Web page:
In an emotional news conference on Monday, Killeen Councilmember Debbie Nash-King called for the end of gun violence in the city.
“My top priority today is to make Killeen a safer place for our residents, especially our senior citizens and our youth, and in order to accomplish this task we must continue to promote crime prevention,” Nash-King said at the steps of Killeen City Hall, following an opening prayer by Pastor Jimmy Towers of Lifeway Fellowship.
Nash-King called the 5 p.m. press conference, which was also attended by several city officials and by community leaders, in response to Saturday’s shooting death of Cadarian Connell Parker, 19, on Houston Street on Killeen’s north side, as well as the injuring of a 5-year-old child who was wounded in that same shooting.
“We stand before you in unity to send a strong message to our community that we hear you and we stand with you to stop the senseless killings in Killeen,” she said, speaking from a prepared statement.
Parker’s death is being treated as a murder investigation, according to the Killeen Police Department. The shooting brings Killeen’s 2020 homicide total to 31, surpassing the previous record set in 1991, when the Luby’s Cafeteria mass shooting took place.
After Nash-King, KPD Chief Charles Kimble was the first speaker at the press conference.
“It’s been a tough few days,” he said of the ongoing investigations his department is conducting, which involve several incidents that have taken place since Dec. 26.
Kimble said that the recent violence has stemmed from conflicts between two rival gangs — Young Paper Chasers and K-Town Mafia —which he described as “hybrid” in nature. He said six adults and one juvenile have been arrested in connection with the Sunday shooting that took place in the 2700 block of Alma Drive.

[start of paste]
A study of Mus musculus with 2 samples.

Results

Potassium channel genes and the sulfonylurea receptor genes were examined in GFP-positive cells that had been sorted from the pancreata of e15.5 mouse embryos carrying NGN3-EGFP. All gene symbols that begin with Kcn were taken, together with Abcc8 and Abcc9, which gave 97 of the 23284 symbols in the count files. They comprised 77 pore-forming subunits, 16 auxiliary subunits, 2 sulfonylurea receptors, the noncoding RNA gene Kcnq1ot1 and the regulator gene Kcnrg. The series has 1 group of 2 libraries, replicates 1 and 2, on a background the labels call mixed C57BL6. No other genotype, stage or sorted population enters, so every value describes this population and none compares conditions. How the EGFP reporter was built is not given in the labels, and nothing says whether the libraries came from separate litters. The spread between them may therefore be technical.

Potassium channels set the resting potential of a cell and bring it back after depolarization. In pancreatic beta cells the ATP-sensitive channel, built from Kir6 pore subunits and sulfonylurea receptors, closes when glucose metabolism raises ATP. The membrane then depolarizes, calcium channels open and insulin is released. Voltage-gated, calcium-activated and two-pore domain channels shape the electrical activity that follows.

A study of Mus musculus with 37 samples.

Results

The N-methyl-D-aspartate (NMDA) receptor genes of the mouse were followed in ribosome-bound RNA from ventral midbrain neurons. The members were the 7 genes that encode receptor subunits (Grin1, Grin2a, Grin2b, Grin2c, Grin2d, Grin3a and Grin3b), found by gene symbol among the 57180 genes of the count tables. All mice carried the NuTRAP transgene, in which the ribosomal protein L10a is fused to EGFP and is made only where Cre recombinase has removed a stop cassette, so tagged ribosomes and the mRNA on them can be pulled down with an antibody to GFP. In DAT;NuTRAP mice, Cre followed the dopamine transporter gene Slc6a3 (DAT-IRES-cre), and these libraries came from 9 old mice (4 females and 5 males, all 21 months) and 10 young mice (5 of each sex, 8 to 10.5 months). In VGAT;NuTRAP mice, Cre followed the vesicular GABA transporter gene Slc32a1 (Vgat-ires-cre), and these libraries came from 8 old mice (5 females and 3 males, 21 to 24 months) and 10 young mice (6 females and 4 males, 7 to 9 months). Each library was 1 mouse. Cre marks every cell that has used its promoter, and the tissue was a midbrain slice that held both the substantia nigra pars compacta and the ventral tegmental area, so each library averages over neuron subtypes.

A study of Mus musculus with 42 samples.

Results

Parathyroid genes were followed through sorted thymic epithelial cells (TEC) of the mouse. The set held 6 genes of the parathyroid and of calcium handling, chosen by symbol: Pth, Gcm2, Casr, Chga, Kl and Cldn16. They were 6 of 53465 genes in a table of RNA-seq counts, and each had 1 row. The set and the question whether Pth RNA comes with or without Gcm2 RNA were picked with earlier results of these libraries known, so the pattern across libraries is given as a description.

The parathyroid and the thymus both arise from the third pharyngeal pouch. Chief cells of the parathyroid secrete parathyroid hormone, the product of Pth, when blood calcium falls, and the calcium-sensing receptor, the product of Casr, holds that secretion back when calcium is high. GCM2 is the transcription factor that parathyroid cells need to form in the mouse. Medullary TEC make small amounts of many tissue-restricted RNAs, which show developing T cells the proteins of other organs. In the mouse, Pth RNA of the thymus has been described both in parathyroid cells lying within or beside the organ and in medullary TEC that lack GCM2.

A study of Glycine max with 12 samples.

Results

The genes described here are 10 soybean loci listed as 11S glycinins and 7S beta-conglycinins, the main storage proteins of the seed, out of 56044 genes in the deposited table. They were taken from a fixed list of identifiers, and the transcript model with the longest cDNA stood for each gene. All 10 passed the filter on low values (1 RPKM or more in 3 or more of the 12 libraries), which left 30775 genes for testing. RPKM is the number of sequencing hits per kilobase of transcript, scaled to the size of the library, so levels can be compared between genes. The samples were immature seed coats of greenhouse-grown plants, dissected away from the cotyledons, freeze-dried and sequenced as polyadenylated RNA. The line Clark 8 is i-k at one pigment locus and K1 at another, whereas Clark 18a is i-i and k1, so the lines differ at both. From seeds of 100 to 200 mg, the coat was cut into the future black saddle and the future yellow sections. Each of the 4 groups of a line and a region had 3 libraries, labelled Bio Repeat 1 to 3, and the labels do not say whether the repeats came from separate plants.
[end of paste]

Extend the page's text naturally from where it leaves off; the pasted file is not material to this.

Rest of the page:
Kimble also said that Monday’s shooting in the area of Andover Drive was directly related to the Alma Drive shooting, where suspects tried to flee from police.
With respect to the Houston Street fatal shooting, Kimble said there is “no excuse” when a 5-year-old child is shot.
“It has to stop,” he said.
Kimble said that with respect to community policing, his department continues to work with crime prevention for youth and other related efforts.
“We try to look at root causes,” he said.
Kimble said that KPD is working with both state and federal authorities in the investigation, including the FBI and the U.S. Marshal’s Service’s Lone Star Fugitive Task Force, the former of which he said his officers are in touch with on a daily basis.
Kimble credits The Village United, a Killeen community organization, with helping in the investigation of the two rival gangs, which are locally based, as both they and KPD had some common information. He said that some of the suspects have invoked their constitutional right to remain silent.
Kimble said that promoting gun safety meaures, such as gun safes and locks, and most importantly not leaving guns in unlocked vehicles, are an important way for the community as a whole to help reduce gun related killings. He added that his department is looking at the possibility of gun buy-back programs.
KPD Assistant Chief Jeff Donahue clarified that though Killeen has 31 homicides so far for 2020, five of those are not criminal in nature (i.e. self-defense, accidental, age of offender).
Killeen is a city of about 150,000 residents. By comparison, Austin, a city of nearly 1 million residents, had 45 homicides as of Dec. 19.
Bryan King, president of Brothers Against Community Crime, spoke at the event.
“It starts with us being parents,” King said, adding that education is important as well. “Without hope, you have no change. When we don’t stand against something, you allow it to happen.”
Angenet Wilkerson of The Village United said that her organization is “about restoring community.”
“You can join us,” she said at the event.